Thirteen-year-old Rose is a delicate orphan stuck in the middle of six aunts and seven (oh horrors) boy cousins. When Uncle Alec, her guardian, arrives, Rose's world is turned upside down as she follows his treatment to make her a strong, merry young lady.
Very good. Among other things, selflessness without reward is shown and highly upheld.
They attend church and act out a story from the Bible. Alcott herself was a Transcendentalist and so did not believe in the deity of Christ, and in her books she puts a great deal of emphasis on 'living good lives.'
A boy almost loses his eyesight by overstraining them. A girl falls from her horse and twists her ankle. A girl pierces her ears, which is described as very painful.
Drug and Alcohol Content
A few characters smoke cigarettes but they are rebuked and stop. One character drinks a little, but he stops, also.
Family kisses each other. One of the cousins tries to trick Rose into kissing her other cousin under the mistletoe.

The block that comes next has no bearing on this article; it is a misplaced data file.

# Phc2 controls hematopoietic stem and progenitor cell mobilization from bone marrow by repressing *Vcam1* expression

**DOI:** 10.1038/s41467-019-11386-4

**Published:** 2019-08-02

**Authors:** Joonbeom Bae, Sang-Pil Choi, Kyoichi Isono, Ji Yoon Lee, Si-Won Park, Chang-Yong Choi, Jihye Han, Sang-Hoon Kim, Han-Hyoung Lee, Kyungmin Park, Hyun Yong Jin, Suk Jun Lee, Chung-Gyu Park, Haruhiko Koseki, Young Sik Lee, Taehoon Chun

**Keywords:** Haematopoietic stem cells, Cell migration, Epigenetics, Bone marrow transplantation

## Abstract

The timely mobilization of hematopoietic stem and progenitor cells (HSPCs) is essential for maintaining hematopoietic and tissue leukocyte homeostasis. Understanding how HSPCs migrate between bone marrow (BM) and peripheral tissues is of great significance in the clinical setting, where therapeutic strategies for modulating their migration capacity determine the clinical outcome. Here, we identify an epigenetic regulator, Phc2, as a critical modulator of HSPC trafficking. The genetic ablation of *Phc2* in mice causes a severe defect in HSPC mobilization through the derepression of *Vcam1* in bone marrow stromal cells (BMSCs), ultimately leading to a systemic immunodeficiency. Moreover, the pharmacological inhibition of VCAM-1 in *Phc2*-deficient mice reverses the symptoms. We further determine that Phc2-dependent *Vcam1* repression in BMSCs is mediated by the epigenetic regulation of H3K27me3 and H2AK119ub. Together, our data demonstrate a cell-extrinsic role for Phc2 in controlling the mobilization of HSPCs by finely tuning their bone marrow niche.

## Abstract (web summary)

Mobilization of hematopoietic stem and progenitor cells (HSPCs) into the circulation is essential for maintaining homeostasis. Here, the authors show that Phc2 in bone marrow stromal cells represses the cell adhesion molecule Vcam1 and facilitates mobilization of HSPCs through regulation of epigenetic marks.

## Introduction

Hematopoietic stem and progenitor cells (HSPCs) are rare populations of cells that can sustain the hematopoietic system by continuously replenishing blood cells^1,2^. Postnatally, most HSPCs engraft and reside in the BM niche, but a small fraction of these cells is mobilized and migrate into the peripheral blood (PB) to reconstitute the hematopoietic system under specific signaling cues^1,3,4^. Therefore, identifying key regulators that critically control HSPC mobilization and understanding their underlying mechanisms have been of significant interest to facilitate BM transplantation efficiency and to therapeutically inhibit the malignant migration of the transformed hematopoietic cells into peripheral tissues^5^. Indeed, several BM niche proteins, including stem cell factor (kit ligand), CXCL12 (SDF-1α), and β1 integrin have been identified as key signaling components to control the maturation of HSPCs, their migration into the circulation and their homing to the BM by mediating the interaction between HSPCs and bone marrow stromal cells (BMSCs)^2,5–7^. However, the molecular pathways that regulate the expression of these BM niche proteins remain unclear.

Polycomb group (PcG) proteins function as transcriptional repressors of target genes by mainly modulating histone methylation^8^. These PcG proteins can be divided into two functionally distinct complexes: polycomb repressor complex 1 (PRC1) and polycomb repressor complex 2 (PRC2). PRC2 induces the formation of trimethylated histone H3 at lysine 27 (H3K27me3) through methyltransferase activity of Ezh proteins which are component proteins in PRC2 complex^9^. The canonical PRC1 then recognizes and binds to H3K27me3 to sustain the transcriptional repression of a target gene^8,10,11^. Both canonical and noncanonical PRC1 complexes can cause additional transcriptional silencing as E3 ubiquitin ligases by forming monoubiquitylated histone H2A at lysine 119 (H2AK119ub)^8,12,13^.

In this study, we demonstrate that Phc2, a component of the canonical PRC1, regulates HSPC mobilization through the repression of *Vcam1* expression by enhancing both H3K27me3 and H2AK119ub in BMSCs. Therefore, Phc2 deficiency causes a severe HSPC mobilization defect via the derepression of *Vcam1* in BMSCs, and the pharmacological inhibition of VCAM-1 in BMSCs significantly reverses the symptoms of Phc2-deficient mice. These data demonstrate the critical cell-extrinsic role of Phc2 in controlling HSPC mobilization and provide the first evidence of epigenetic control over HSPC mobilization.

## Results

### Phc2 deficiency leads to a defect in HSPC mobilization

Crude or Profane Language or Content
A couple of boys use some slang, but their mother doesn't approve so they stop. There is one mention of corsets.
Full of delightful characters, merry little adventures, and deep moral truths, this book is more of a treasure each time I read it. All of the many characters have strong personalities and are easy to relate to and like. I particularly appreciate how each character has faults and weaknesses, which they then grow beyond. One thing to look out for is that the book is not Christian, though upholding Christian morals, and so the characters become more virtuous without the help of God.